This page is fully based on information from Joerg Reisenweber (e.g. in this mailing list post: , and several others, also he was very helpful on IRC).

The problem description

A known issue is that output decoupling capacitors are too small, only 1uF (4.7uF in v7). This results in a very high cut-off frequency practically eliminating a possibility to use freerunner as a portable musical player. The possible fix is to add some decent 100uF C in parallel. (The other discussed way to do it was to short the original caps and instead place the big ones near the headset receptable or inside the headphone jack; this has multiple drawbacks as jack insert detection might no longer work, possible damage to U4401 and the like; in this case you should also remove R4116, R4117 and place them after your caps).

One possible solution is to place the additional caps outside the can, near the Bluetooth antennae; the other possibility is to build a cap from 20 pieces 4.7uF along a wire grid 4x5 which makes a nice high quality very flat 100uF. This would easily fit anywhere "1.floor" of can interior, just isolate it with a scotch film patch and throw them inside the can.

Also shorting R4407 and R4405 might worth trying (as well as throwing out the useless U4401).

Rework performed by Paul Fertser

Resulting sound is good with 32Ohm headphones (AKG K-55). With proper shielding GSM interference is very low or non existent. Effect on Bluetooth range is not yet measured!

Here i'll try to describe my take on rework that should radically improve the ability to use FreeRunner as a portable music player.

I used two 100uF 10V tantalum caps. They should be connected in parallel to C4110 and C4111. Make sure you connect the plus terminal (marked with a thick line) to the side that goes to U4101.

The can should be lifted very carefully. Use a pin-pointed knife for that and try to lift a little in every point you can reach going in circle. After several rounds the can will be easily dismounted. It can take about 10 minutes, please be patient. You can use a plastic sim-holder for a lever, but be very careful.

To avoid interference from GSM going into the can, use a piece of aluminium foil isolated from the caps with paper. I used a candypaper and it eliminated the audible GSM interference (i could listen to GSM call via headphones on loud volume without hearing any buzz). Be sure to provide electrical connection between the foil and the can (the more points you connect, the better shielding you get; don't be shy to experiment, EMI is a black magic sometimes). Placing small ferrite bead on every twisted pair just before it enters the can is recommended.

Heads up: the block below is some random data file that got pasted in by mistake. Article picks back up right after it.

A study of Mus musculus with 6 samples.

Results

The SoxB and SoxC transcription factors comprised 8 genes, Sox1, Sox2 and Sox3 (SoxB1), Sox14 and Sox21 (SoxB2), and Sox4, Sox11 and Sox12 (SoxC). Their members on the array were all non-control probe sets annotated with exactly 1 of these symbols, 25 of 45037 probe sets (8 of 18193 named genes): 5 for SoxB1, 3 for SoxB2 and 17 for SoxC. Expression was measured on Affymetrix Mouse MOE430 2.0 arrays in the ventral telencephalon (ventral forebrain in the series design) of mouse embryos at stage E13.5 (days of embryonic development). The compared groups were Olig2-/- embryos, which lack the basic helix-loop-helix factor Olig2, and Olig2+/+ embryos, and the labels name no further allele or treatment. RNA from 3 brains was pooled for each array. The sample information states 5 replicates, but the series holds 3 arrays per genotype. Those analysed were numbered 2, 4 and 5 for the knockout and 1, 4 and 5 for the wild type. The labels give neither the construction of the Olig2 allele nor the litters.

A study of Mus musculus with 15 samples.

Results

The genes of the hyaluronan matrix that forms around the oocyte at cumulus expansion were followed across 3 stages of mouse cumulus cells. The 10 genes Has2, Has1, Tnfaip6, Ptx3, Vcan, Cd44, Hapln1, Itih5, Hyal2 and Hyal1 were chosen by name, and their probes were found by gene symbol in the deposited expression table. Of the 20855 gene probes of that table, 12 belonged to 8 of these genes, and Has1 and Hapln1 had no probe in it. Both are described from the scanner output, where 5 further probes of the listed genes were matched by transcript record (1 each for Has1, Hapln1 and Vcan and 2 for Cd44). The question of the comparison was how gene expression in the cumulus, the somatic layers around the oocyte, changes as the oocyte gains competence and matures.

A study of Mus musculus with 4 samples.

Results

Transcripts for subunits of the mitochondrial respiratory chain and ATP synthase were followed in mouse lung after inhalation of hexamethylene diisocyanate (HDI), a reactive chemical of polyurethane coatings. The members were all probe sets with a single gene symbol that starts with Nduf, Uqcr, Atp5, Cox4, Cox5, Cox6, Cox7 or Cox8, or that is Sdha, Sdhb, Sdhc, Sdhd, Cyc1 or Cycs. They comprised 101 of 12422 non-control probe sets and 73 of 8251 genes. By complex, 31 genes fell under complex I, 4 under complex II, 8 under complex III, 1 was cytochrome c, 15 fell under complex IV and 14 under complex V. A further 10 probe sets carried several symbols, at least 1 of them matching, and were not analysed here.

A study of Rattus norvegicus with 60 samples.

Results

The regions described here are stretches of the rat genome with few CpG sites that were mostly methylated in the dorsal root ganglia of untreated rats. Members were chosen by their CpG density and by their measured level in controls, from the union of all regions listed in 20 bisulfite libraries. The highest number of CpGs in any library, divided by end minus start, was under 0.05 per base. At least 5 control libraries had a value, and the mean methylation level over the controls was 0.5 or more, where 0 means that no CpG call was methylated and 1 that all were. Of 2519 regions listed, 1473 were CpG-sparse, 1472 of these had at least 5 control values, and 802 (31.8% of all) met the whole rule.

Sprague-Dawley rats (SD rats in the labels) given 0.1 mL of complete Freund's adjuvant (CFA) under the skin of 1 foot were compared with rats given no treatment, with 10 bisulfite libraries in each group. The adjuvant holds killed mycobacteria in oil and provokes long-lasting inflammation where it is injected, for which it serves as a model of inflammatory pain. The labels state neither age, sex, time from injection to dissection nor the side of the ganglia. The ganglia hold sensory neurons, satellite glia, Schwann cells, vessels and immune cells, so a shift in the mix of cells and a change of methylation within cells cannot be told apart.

After the rework Bass and Treble regulators in mixer should be placed at the middle as it corresponds to 0db attenuation (and the bass boost set to Linear Control).

Can opened.jpg Bass rework can closed.jpg Bass rework whole picture.jpg

Blackgate iMod-like rework

Another idea proposed by Joerg is to perform a modification similar to the popular iPod mod:

The purpose of the diyMod is to simplify the signal path from the DAC to the amp. To achieve this goal, the audio signal is taken directly after the DAC and sent to the amp. This path must include the DC blocking, also known as coupling, caps. By necessity, we place DC blocking caps behind the DAC to protect our listening apparatuses. Ensure that nothing lies between your DAC and amp but wires and traces.

Nobody has tried to implement it on FreeRunner yet, but this description along with published schematics should be enough:

Rework performed by Andy Green

This document describes another type of rework where caps are placed inside the can: . Among its strong points is that the signal doesn't go outside the can, therefore avoiding any possibility of interference with other hardware functions. The weak points are that the maximum capacity is limited to 47uF, only ceramic caps can be used (which can distort sound because of piezoceramic properties) and properly securing the additional caps can be hard.